What is a Public Service Mutual, and what does ‘spinning out’ consist of? What does it really mean to be employee owned, and what has it all got to do with public services? Public Service Mutuals can seem confusing even to those who have heard of them before, so what better place to start than a simple dictionary definition!
Public Service Mutuals are currently defined as organisations that have left the public sector (often referred to as “spinning out”), continue to deliver public services and have a significant degree of employee ownership, influence or control in the way they are run. It might surprise some to learn that there are more than 130 Public Service Mutuals operating across England, collectively delivering more than £2 billion in public services.
As committed in the Civil Society Strategy, the Government is currently consulting on the future definition of public service mutuals. The ambition is to define an employee-led, socially-driven and transparent business model that the public sector and wider society can get behind. We speak to two organisations, RISE and the Behavioural Insights Team (BIT), about what being a public service mutual means to them.
What does employee influence or ownership mean to you and how is this put into practice in your organisation?
RISE: Employees shape the business by providing an active voice for what’s working well and what needs to be improved within the organisation. This ongoing feedback drives performance and improves the quality of our work. Our Employee Chair also works closely with RISE’s Employee Council, identifying themes (such as health and well-being) that would benefit all staff. We have found that empowering employees and making them feel valued in this way contributes to a nurturing and supportive culture which has a direct impact on productivity.
BIT: BIT set up an employee benefit trust which owns 27.5% of BIT and has representation on the Board. This means that those who work in BIT aren’t just employees, but also have a literal stake and power to shape the kind of organisation we are and the type of work we do. It helps ensure an alignment of interests between those who work at BIT and our other shareholders – the Cabinet office and the innovation charity Nesta. If we succeed, then all benefit.
What were your experiences of leaving the public sector, and how important do you think that process is to a mutual’s identity?
RISE: Spinning out was a long process (two years), with challenges which could easily have become too much to overcome. We learnt sheer persistence, an unwavering vision and early employee engagement is critical. We also learnt that the process of spinning out in itself does not create a mutual’s identity; this is a gradual process and all employees provide a vital role in contributing to the development of the new culture. As a starting point, we established clear organizational values that everyone had the opportunity to contribute to, and ensured that they were embedded throughout everything we stand for and deliver as an organisation.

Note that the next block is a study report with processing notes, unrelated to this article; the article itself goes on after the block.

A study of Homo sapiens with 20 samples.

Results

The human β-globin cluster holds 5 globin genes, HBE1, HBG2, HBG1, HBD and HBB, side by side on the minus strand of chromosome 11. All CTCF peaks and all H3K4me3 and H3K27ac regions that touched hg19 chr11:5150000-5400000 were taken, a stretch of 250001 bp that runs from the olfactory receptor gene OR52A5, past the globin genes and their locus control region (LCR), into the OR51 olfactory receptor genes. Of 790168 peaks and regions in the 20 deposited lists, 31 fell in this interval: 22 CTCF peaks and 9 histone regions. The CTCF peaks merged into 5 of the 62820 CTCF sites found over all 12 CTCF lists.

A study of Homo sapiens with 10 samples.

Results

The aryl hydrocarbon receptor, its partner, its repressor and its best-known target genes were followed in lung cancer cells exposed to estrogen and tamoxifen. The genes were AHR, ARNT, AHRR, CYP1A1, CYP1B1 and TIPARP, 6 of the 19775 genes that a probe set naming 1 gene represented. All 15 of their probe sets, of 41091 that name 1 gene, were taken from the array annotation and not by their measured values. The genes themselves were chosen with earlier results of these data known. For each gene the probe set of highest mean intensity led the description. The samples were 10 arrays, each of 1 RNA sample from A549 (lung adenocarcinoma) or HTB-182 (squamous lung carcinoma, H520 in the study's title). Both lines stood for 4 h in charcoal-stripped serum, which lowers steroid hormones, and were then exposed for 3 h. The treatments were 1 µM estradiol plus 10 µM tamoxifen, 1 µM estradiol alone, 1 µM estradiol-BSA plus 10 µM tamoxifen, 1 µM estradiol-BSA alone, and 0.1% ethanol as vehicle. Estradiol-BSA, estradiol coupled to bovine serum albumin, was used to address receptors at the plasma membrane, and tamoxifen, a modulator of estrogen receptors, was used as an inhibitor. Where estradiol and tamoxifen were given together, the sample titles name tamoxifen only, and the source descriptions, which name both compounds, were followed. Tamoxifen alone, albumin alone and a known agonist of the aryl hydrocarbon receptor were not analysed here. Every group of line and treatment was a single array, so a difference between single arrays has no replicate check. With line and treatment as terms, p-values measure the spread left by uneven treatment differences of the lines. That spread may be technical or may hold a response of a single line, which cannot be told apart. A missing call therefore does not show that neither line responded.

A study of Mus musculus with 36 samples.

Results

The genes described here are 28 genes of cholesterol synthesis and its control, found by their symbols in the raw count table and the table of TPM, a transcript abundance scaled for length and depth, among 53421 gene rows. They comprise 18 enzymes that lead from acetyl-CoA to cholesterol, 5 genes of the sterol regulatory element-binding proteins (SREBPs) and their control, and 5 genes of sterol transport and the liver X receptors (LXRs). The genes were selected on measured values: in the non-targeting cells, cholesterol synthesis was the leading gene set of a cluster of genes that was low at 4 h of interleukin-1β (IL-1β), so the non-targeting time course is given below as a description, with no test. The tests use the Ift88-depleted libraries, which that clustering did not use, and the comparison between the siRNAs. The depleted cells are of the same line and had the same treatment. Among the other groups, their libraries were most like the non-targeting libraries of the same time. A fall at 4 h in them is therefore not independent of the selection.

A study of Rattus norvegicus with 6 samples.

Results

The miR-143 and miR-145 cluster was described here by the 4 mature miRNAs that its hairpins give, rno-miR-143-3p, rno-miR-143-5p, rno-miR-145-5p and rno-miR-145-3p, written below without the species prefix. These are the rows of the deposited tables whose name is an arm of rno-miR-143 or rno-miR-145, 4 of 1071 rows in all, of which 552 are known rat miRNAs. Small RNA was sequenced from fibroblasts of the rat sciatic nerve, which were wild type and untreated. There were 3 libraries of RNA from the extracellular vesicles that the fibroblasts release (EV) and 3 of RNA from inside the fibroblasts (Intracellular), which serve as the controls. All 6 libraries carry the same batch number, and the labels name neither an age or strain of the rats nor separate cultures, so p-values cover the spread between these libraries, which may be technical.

BIT: It was a complex and lengthy process, especially navigating the public procurement regulations and the requirements involved with setting up an Employee Benefit Trust. Our governance is still quite complicated, but we accept that as part of the responsibilities we have. BIT was built in government, for government, and it retains a close relationship with government. To this end, its provenance and purpose is reflected in its constitutional documents. For example, the public good objectives are enshrined in our articles, and the Cabinet Office still retains some control via shareholder consent matters.
How does having a social purpose and being a public service mutual influence how you use your profits?
RISE: It means that we can distribute a portion of our profits to community causes that we believe in. For example, to organisations working with survivors of domestic abuse, as well as to the Grenfell Foundation, which is close to our heart as our head office is located near to the Grenfell site. However, re-investing profits this way needs to be balanced against ensuring appropriate reserves, so organisations have the financial backbone to support sustainability. Organisations can only make a difference if they have financial solidity.
BIT: Given that by far the biggest ‘cost’ – and asset – in an organisation such as BIT is our staff and their expertise, the line between reinvesting profits and investing in our people is a pretty fine one. Our shareholders have also been supportive of us directing a portion of our profit or surplus to our internal ‘Impact Opportunity Fund’. This has enabled us to pursue projects that we, and our staff, think are likely to be particularly impactful but that there was no obvious immediate funder for. Our public good objective also affords us the flexibility to take on projects that prioritise social impact over the pursuit of profit.
To find out more about the consultation and how to respond please go to: https://www.gov.uk/government/
With thanks to Clare King, Director of Business Development & Innovation at RISE, David Halpern, Chief Executive at BIT, and Nicky Kerr, General Counsel and Company Secretary at BIT, for their contributions.